Photo Essay: Walking the Migrant Trail

From May 30 to June 5, I participated in the Migrant Trail Walk, a 75 mile walk from the U.S.-Mexico border to Tucson, Arizona, traversing the Altar Valley, one of the hottest stretches in the Sonoran desert during the summer months. This eighth annual walk was done in solidarity with the thousands of migrants who cross into the United States clandestinely, and in remembrance of the thousands whose bodies have been recovered, many in the same vast desert where we walked.

Todd Miller 6/8/2011

From May 30 to June 5, I participated in the Migrant Trail Walk, a 75 mile walk from the U.S.-Mexico border to Tucson, Arizona, traversing the Altar Valley, one of the hottest stretches in the Sonoran desert during the summer months. This eighth annual walk was, as always, done in solidarity with the thousands upon thousands of migrants who cross into the United States clandestinely, and in remembrance of the thousands whose bodies have been recovered, many in the same vast desert where we walked.

 

In no way could we as walkers even come close to imitating what migrants really do when they cross the international divide: we had support vehicles, we had abundant food and water, and we didn’t have the fear.

 

There were, however, certain instances during the walk that gave me pause, and a small glimpse into that migrant reality. For example, there was the time my left leg cramped up while I was walking. When it did, I thought I could walk through the pain. However, the group was moving at a good clip, and the faster I moved on my cramped calf, the more excruciating the pain. I fell way to the back of the line, and couldn’t keep up. I finally gave up and got into one of the many support vehicles that accompanied us.

 

My first reflection was that if I had been a migrant I might’ve fallen way behind, and in that heat, which was coming down at an almost unbearable 102 degrees, and without too much water or food, I might’ve been as good as dead.

 

My second reflection was more of a question: How on earth has the situation come to this? A simple leg cramp, generally shrugged off with a little rest, should never result in death.

 

But in the borderlands new rules apply, forcing migrants to continue moving regardless. They don’t have the luxury of resting, they don't have support vehicles. This photo essay not only documents the 75 miles of this walk, it also looks at the multi-faceted border enforcement apparatus that, with its sheer force, is imposing these new rules.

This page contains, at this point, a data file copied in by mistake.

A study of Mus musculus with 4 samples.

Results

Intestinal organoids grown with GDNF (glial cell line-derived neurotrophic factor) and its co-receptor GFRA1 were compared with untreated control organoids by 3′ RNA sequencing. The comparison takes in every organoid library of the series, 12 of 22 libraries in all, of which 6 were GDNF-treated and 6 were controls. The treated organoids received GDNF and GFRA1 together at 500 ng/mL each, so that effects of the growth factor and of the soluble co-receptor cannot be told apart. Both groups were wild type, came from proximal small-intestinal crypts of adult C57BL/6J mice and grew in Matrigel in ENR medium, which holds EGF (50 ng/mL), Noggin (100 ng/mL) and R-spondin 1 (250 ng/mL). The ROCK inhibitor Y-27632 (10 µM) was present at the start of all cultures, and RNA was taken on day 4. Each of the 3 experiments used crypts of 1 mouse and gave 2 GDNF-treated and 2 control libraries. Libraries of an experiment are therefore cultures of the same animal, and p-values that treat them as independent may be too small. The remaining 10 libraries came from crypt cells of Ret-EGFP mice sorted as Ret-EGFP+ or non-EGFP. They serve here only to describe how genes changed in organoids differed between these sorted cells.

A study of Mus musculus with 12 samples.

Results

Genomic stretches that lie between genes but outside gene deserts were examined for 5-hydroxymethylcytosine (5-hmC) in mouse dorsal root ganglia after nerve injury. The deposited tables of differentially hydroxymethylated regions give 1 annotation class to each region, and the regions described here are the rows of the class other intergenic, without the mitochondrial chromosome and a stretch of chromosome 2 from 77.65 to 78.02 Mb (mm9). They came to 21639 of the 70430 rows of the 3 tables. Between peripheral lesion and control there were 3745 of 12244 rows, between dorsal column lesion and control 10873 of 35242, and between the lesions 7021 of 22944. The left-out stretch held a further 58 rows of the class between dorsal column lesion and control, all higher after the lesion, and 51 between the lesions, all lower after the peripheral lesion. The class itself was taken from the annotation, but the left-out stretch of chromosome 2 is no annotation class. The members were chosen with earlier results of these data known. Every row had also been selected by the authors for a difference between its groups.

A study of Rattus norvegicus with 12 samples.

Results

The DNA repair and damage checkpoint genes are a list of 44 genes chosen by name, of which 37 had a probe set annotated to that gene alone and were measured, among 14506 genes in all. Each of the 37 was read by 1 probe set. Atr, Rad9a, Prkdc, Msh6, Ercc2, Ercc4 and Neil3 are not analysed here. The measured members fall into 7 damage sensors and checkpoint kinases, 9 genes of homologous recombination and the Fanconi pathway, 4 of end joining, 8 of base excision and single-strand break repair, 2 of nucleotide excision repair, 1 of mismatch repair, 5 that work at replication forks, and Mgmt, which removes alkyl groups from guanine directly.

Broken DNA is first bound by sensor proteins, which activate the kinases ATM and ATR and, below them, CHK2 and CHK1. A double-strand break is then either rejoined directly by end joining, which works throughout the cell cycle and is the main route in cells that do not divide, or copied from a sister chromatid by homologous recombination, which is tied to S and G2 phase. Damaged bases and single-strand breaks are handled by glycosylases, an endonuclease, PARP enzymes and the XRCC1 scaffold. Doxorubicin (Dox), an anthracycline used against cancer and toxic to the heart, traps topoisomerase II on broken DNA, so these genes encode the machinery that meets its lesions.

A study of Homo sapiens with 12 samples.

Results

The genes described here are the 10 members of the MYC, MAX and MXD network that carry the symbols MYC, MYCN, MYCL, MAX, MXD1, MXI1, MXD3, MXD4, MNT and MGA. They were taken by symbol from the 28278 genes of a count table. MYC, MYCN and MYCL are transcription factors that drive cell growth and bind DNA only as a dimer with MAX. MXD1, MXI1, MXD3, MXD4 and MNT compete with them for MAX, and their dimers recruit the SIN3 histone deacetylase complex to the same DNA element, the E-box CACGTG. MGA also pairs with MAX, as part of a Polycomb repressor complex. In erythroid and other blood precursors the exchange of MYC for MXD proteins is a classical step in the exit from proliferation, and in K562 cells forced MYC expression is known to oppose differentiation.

86Credit: Raymond Thomson

Credit: Raymond Thomson

 

Besides the United States, walkers came from Brazil, Peru, Guatemala, Mexico, Canada, and Germany. We spent the first three days of the walk on the windy paths of the refuge. Many walkers carried crosses with the names of migrants who had died in the desert.

 

 

 

87Credit: Raymond Thomson

 

Humane Borders, a humanitarian organization that makes daily runs to Arizona’s southern desert to replenish water tanks for passing migrants, came into our camp every day to fill our water containers. That was also a reminder that migrants walking through the desert do not have the luxury of support vehicles. 

 

 

88Credit: Raymond Thomson

 

On the fourth day of the walk we went back onto the main road. On that road, of the first 13 vehicles that I saw, 11 were Border Patrol. For the next 30 or so miles this heavy Border Patrol presence would continue in the form of SUVs, armored cars, and ATVs. During the next three day stretch, one walker counted 115 such vehicles. We also saw plenty of helicopters, and unmarked vans driven by soldiers in fatigues. There was a feeling that we were walking though a war zone as we approached the checkpoint.

 

 

89Credit: Raymond Thomson

 

 

90Credit: Raymond Thomson

 

More and more a part of the border enforcement landscape are surveillance towers that often look somewhat like this one at the checkpoint. Border enforcement technology is becoming a profitable business for both large military contractors such as Boeing and small upstarts who are seeing the Arizona borderlands as a perfect laboratory for this emerging global business.

 

 

91Credit: Raymond Thomson

 

Migrant footsteps in a dry river bed near the road.  We walked on Highway 286 until the town of Three Points. After that we continued on Highway 86 towards Tucson. During these days temperatures exceeded 100 degrees, typical weather as summer approached.

 

 


 

The Department of Homeland Security has contracted the Wackenhut corporation to transport detained migrants in these non-descript busses. We saw dozens of these buses as we walked.

 

 

 


 

 

 


 

 

 

On the walk, with the concentrated and strong Border Patrol presence, we witnessed the same policy and strategy that has now funneled migrants into ever more remote and dangerous areas for the past 15 years. This year, in the Arizona desert 88 people have died, and since these policies are still in place, it is certain that at least 100 more bodies will be recovered by the end of the year. These border deaths have become part of the equation, as predictable as the brutal heat, and thus part of the integral fabric of U.S. border policy itself. At the end of the walk, head organizer Kat Rodriguez, of the Tucson-based Coalición de Derechos Humanos, vowed to the press that this annual walk will continue to happen again and again until these deaths stop.